This resource developed by Sarah Thorud, Elementary Reading Specialist from Clatskanie School District in Oregon focuses on implementing screening and progress monitoring virtually. It includes guiding questions and considerations for implementation, video examples, and a sample sign-up sheet for screening and progress monitoring students virtually.
Implementation Guidance and Considerations
These five screening one-page documents provide a brief overview of each of the NCII screening standards. They include a definition and information on why that particular standard is important for understanding the quality of screening tools.
The Academic Progress Monitoring Tools Chart is comprised of evidence-based progress monitoring tools that can be used to assess students’ academic performance, to quantify a student rate of improvement or responsiveness to instruction, and to evaluate the effectiveness of instruction. The chart displays ratings on technical rigor of performance level standards (reliability and validity) and growth standards (sensitivity, alternate forms, and decision rules) and provides information on the whether a bias analysis was conducted, and key usability features. The chart is intended to assist educators and families in becoming informed consumers who can select academic progress monitoring tools that address their specific needs. The presence of a particular tool on the chart does not constitute endorsement and should not be viewed as a recommendation from either the TRC on Academic Progress Monitoring or NCII.
The Academic Screening Tools Chart is comprised of evidence-based screening tools that can be used to identify students at risk for poor academic outcomes, including students who require intensive intervention. The chart displays ratings on technical rigor in the areas of classification accuracy, reliability, and validity, and provides information on the representativeness of the sample, whether a bias analysis was conducted, and key usability features. The chart is intended to assist educators and families in becoming informed consumers who can select academic screening tools that address their specific needs. The presence of a particular program on the chart does not constitute endorsement and should not be viewed as a recommendation from either the TRC on Academic Screening or NCII.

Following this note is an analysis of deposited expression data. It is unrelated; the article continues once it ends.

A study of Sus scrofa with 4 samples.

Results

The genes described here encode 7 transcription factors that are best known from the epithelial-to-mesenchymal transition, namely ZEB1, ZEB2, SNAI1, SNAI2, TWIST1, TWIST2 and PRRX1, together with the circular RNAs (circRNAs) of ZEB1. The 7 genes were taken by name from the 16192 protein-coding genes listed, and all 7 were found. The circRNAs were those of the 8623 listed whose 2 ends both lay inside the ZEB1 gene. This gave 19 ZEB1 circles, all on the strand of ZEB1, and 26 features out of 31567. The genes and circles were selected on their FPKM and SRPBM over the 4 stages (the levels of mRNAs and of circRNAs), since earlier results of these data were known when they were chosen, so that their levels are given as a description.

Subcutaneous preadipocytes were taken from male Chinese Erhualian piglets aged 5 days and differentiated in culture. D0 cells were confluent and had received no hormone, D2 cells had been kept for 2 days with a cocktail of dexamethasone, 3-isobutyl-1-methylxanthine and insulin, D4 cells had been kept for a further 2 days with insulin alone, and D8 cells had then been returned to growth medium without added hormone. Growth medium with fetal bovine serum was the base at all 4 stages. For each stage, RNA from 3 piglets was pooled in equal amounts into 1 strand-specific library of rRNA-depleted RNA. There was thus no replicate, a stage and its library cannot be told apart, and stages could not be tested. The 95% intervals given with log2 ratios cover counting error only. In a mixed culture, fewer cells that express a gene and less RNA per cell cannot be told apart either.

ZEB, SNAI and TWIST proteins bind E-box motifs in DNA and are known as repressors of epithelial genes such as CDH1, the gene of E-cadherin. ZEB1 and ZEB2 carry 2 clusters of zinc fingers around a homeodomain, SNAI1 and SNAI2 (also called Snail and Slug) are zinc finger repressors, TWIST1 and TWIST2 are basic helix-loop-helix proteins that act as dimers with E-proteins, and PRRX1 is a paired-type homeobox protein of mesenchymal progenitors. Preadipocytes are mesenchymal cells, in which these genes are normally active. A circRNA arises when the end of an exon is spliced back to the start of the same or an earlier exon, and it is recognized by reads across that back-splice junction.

Teams are a vital part of an effective multi-tiered system of supports (MTSS) across both academics and behavior as well as special education. Making connections across the across the various teams used in MTSS and special education can be challenging. This resource from NCII and the PBIS Center, provides information about how DBI can support IEP implementation and provides a table with key considerations for teams working across the MTSS system.
The DBI Implementation Rubric and the DBI Implementation Interview are intended to support monitoring of school-level implementation of data-based individualization (DBI). The rubric is based on the structure of the Center on Response to Intervention’s Integrity Rubric and is aligned with the essential components of DBI and the infrastructure that is necessary for successful implementation in Grades K–6. It describes levels of implementation on a 1–5 scale across DBI components. The rubric is accompanied by the DBI Implementation Interview which includes guiding questions that may be used for a self-assessment or structured interview of a school’s DBI leadership team.